Seven Warning Signs of Scientific Nonsense

Hat tip to SF Signal for this link:

Advice to lawyer and judges: Seven warning signs to help you spot Junk Science.

This is these paragraphs that caught my eye:

In 1993, however, with the Supreme Court’s landmark decision in Daubert v. Merrell Dow Pharmaceuticals, Inc. …  the court instructed federal judges to serve as “gatekeepers,” screening juries from testimony based on scientific nonsense. Recognizing that judges are not scientists, the court invited judges to experiment with ways to fulfill their gatekeeper responsibility. Justice Stephen G. Breyer encouraged trial judges to appoint independent experts to help them.

In the legal community, the debate has been going on for years whether or not the court system should allow for “Blue Ribbon” juries to be empaneled. A blue ribbon jury is one composed, not of ordinary citizens and freemen, but of experts with specialized medical or scientific knowledge.

The argument in favor of blue ribbon juries is that when the facts of the case turn on a technical or scientific argument the average juror is in no way qualified to assess, justice is not served. Expert witnesses simply lie on the stand, and the jury grants the award to whichever party provokes their sympathy.

The argument against blue ribbon juries is that the core function of a jury in a society of free and equal men, is to restrain the court system from finding results at odds with the general consensus (rightly or wrongly) held by the community of what justice is. Justice is the one thing everyone is qualified to have an opinion about: everyone knows the difference between right and wrong. Divorcing the court system from the common man, even in a limited number of cases (such as medical malpractice), so the argument goes, creates an elite that may well carry the court system away from its democratic foundation. We have seen a phenomenon called ‘regulatory capture’ go on with regulators placed in authority over businesses, where the so-called experts merely become partisans of a particular vested interest.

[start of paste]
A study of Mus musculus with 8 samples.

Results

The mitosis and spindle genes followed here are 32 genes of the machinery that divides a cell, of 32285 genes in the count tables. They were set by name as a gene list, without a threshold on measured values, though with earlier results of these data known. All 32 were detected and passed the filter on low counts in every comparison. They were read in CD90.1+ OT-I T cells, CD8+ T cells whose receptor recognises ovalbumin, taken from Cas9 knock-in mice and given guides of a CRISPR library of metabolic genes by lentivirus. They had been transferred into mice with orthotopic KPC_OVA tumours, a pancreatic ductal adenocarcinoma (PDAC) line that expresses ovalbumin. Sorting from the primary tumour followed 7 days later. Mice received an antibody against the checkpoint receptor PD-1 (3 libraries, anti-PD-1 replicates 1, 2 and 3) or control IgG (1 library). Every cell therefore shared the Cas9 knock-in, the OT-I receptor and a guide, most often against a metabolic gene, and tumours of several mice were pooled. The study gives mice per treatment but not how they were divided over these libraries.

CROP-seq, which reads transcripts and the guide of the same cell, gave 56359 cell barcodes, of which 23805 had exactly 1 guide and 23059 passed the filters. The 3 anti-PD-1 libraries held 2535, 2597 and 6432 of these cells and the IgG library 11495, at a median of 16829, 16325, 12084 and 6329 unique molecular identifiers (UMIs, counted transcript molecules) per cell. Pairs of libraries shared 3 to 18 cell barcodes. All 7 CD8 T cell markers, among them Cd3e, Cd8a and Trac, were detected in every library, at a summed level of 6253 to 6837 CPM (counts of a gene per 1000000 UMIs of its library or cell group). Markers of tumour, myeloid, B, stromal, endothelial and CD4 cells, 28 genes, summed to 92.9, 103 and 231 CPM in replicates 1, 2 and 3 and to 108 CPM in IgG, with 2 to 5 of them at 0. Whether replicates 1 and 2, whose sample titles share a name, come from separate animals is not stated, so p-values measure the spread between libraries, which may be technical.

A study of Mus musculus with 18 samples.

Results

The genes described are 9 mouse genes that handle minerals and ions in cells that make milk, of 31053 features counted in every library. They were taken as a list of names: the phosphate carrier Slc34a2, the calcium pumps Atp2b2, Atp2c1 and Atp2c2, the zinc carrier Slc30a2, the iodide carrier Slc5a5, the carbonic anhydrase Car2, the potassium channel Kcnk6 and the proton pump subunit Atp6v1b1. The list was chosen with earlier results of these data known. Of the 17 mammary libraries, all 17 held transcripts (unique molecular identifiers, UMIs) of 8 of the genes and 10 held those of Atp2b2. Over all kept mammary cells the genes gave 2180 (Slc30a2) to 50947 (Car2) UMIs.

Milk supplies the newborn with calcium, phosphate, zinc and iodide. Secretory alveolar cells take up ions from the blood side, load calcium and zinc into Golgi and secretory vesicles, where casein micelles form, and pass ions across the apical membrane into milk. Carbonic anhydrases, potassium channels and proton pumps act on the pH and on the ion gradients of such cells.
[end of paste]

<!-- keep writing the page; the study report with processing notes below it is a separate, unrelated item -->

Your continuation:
My own opinion: I do not see the two solutions as mutually exclusive. A blue ribbon panel could, for example, rule only on the admissibility of a defined field of evidence, such as expert witness testimony, while the lay jury retained the balance of its traditional role.

I do think a drastic overhaul of our tort system is called for. In the current system, there is simply no notion of common ideas of fairness that any more apply to manufacturers: they are held strictly liable (that is, they are “at fault” even if they did nothing wrong) whenever anyone gets injured by one of their products, including persons suffering a class of injury that could not be foreseen. The juror’s sense of justice includes the notion that we should soak the rich.

It is so bad, that I do not see why anyone even had medical malpractice trials any more. No matter what the doctor does, if the patient suffers any injury whatever, he is likely to soak the doctor. Imagine how likely you would be to open a garage, if you had to pay out of your pocket, or out of your insurance, for each and every car engine you could not restore to working order–whether such a repair was possible or not. Why don’t they just have trial by ordeal for doctors, these days? If he floats, he’s a witch! That would be about as fair as our current system.

Let me tell you why I like the idea of a blue ribbon jury. If a doctor had to explain to a jury of twelve doctors exactly what procedures he did and did not do, they could rely on their day-to-day experience to know whether that was a negligent or a normal procedure. Likewise, if there is an ex-waitress eating with me, I would prefer her to decide the tip: her judgment will be better than mine whether we were waited on properly or not. Her critique will be better.